If you ask the average bicycle commuter, most will tell you they prefer riding on routes that have bike lanes to roads without them. On busy streets, the lanes can be a major protective barrier from automobile traffic, creating a safer ride and more peace of mind.

However, not all bicycle lanes are created equal. Some types of lanes are much better at protecting cyclists from motorists. Some can even create a false sense of security, leading cyclists to let their guard down. The Cycling advocates say cities should focus on installing the more effective kinds.

What are the different types of bike lanes?

There are numerous types of bicycle infrastructure designs that cities implement on roadways, usually based on a combination of funding, overall usage and levels of advocacy. These lane designs include:

  • Shared markings – In many areas, a bicycle symbol notates areas where bicycles are to be expected. Some studies have found that this can actually increase the risk, however.
  • Designated painted lanes – Streets that have marked off lines or stripes painted on to designate bike lanes are the most commonly used kind. These sometimes have a buffer zone painted on to keep cars out. Unfortunately, painted lanes, with or without buffer zones, are also the least protective type of bike lane. Drivers sometimes forget they’re there, and they can lead to issues of cars encroaching in the space meant for cyclists. Last spring, cyclists in several US cities placed red cups along these lanes to demonstrate the issue. Within a few hours, cars had indeed crushed many of the cups.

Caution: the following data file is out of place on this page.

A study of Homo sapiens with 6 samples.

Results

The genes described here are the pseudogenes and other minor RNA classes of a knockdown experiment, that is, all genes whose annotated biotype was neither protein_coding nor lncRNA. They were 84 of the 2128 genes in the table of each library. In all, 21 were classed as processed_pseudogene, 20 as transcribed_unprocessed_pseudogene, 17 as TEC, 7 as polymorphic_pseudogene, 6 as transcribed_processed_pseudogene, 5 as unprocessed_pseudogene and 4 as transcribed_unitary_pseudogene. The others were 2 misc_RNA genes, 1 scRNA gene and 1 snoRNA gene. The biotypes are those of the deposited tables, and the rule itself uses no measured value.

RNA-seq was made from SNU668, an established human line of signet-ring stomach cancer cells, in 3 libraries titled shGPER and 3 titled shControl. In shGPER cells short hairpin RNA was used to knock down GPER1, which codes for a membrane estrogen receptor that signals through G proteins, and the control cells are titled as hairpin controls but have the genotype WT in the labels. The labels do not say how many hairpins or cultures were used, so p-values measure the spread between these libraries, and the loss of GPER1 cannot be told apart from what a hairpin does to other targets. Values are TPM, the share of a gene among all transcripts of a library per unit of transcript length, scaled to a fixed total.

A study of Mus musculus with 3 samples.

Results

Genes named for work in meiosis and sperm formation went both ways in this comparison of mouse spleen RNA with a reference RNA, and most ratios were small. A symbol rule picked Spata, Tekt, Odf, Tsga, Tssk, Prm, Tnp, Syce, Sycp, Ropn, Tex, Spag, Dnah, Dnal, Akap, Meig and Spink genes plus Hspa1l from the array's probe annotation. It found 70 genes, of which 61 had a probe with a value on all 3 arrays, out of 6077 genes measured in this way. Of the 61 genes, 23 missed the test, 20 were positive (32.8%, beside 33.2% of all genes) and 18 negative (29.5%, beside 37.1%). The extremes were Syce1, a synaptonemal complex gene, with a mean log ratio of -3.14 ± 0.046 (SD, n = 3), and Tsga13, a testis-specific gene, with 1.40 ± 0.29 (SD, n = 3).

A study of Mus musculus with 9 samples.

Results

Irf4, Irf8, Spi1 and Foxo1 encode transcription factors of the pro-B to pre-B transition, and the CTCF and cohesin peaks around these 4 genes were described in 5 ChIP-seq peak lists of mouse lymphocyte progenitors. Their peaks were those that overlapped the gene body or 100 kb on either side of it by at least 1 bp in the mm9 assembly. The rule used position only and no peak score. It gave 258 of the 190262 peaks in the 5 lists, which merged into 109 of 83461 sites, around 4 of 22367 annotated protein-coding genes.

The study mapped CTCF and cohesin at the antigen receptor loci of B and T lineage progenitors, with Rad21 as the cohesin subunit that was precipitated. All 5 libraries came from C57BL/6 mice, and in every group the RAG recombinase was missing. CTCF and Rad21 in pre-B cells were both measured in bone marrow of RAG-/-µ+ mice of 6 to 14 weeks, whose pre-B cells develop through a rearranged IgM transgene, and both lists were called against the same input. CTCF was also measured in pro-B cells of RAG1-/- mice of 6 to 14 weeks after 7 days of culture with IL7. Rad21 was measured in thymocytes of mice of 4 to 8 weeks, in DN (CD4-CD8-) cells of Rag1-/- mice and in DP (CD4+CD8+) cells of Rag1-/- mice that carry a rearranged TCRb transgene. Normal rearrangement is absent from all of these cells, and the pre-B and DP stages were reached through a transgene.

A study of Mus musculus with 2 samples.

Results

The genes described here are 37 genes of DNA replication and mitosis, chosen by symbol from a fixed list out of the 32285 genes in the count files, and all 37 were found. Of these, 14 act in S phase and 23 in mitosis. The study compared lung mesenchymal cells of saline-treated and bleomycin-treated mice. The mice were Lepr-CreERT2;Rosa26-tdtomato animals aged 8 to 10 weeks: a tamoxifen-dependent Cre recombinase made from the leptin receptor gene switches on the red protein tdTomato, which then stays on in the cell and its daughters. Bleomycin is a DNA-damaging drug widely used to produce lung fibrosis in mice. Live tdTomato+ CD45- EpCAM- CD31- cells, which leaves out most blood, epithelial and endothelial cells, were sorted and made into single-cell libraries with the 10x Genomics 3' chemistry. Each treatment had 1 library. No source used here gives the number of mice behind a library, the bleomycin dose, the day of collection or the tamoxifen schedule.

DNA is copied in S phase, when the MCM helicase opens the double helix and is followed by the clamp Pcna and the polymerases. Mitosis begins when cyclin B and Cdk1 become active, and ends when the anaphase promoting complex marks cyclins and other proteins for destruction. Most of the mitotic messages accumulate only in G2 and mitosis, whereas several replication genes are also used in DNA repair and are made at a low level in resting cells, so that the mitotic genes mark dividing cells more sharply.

Some types of painted lanes are filled in with green to create a clearer idea of where the bicycle zone is, including indicating bikers’ right-of-way. However, even this method is not foolproof when a car chooses to ignore it.
  • Protected lanes – These are considered the safest form of bike infrastructure, but even within the different types of protected lanes are varying degrees of safety. Protected lanes use a barrier or elevation to physically separate bikes from cars—in fact, elevated bike lanes that are raised above the road are considered the safest. In 2019, Los Angeles installed protected bike lanes following years of advocacy, with nearly 20 miles of available routes.

Cyclists share the rights of motorists on the roads, including following most of the same traffic laws. Motorists, then, have an obligation to respect those rights when sharing the road with cyclists. Unfortunately, many drivers still fail to consider those rights, leading cyclists to risk injury and death while riding, even when there is infrastructure in place.

If you’ve been injured as a cyclist, a qualified attorney can help you build a case to recover compensation for your injuries.